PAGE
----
Enigmas of Identity

Enigmas of Identity

Enigmas of Identity

Enigmas of Identity

Synopsis

"We know that it matters crucially to be able to say who we are, why we are here, and where we are going," Peter Brooks writes in Enigmas of Identity. Many of us are also uncomfortably aware that we cannot provide a convincing account of our identity to others or even ourselves. Despite or because of that failure, we keep searching for identity, making it up, trying to authenticate it, and inventing excuses for our unpersuasive stories about it. This wide-ranging book draws on literature, law, and psychoanalysis to examine important aspects of the emergence of identity as a peculiarly modern preoccupation.


In particular, the book addresses the social, legal, and personal anxieties provoked by the rise of individualism and selfhood in modern culture. Paying special attention to Rousseau, Freud, and Proust, Brooks also looks at the intersection of individual life stories with the law, and considers the creation of an introspective project that culminates in psychoanalysis.


Elegant and provocative, Enigmas of Identity offers new insights into the questions and clues about who we think we are.

Excerpt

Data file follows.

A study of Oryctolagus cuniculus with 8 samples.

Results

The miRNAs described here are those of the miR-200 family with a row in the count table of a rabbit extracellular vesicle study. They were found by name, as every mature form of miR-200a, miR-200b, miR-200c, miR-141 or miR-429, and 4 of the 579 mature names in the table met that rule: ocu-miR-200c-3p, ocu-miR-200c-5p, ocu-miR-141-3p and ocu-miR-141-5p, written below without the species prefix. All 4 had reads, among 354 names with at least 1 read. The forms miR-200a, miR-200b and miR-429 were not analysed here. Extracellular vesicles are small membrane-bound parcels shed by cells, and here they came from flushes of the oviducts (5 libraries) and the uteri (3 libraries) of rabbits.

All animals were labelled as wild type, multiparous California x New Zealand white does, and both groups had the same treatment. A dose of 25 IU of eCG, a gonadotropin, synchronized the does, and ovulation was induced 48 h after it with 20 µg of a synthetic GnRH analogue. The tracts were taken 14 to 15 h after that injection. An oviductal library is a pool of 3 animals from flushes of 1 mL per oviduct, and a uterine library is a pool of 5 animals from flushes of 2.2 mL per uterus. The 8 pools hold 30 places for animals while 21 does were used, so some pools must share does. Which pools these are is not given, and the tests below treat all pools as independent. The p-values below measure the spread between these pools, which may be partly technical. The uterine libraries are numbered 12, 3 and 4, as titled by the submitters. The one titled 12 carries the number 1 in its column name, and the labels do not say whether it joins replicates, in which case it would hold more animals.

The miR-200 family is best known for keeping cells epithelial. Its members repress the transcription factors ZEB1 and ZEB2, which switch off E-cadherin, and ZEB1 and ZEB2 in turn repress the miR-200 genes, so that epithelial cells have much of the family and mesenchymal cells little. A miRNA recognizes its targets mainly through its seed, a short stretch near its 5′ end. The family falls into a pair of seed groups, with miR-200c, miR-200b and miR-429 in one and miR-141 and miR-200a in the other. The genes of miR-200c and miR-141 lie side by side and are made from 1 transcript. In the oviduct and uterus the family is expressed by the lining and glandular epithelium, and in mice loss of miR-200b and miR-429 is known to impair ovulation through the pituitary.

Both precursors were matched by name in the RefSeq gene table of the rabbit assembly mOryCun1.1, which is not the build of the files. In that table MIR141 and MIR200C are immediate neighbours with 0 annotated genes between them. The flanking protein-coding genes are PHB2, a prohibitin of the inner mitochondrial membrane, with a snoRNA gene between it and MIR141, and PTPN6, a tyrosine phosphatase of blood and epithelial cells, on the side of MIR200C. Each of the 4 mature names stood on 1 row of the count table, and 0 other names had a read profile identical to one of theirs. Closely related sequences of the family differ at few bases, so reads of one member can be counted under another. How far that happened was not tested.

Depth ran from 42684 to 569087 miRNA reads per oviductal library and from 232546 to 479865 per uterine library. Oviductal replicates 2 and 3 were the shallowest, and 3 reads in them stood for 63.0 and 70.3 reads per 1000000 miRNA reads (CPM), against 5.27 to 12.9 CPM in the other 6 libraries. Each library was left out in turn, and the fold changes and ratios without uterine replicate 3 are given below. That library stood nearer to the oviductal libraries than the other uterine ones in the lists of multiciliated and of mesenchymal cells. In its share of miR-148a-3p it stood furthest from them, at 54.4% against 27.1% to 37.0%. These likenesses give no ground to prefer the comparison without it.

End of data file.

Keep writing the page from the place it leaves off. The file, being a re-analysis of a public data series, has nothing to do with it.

I would guess that we share an obsessive interest in identity, however defined. It’s in any case my belief that such an interest is nearly definitional of modern human beings and the societies in which they live. While the notion of identity is not new—especially as a philosophical topic—a widespread concern with one’s personal identity, and its relations to “the others” among whom one lives, seems to have emerged with greater intensity with the Enlightenment, and to gain force throughout the nineteenth and twentieth centuries, and into our own time. To the extent that a characteristic of modernity is a new valuation of the individual, the obsession with identity follows almost inevitably. Modernity, confessional discourse, the novel itself as genre, identity as an enigma and an object of quest and questioning: these are all related phenomena, and the coming of psychoanalysis at the dawn of the twentieth century merely confirms a process begun by such as John Locke and Jean-Jacques Rousseau. And it seems to be the case that the individual search to know the self is matched by society’s concern to know, to classify, and to order the range of selves that are out there.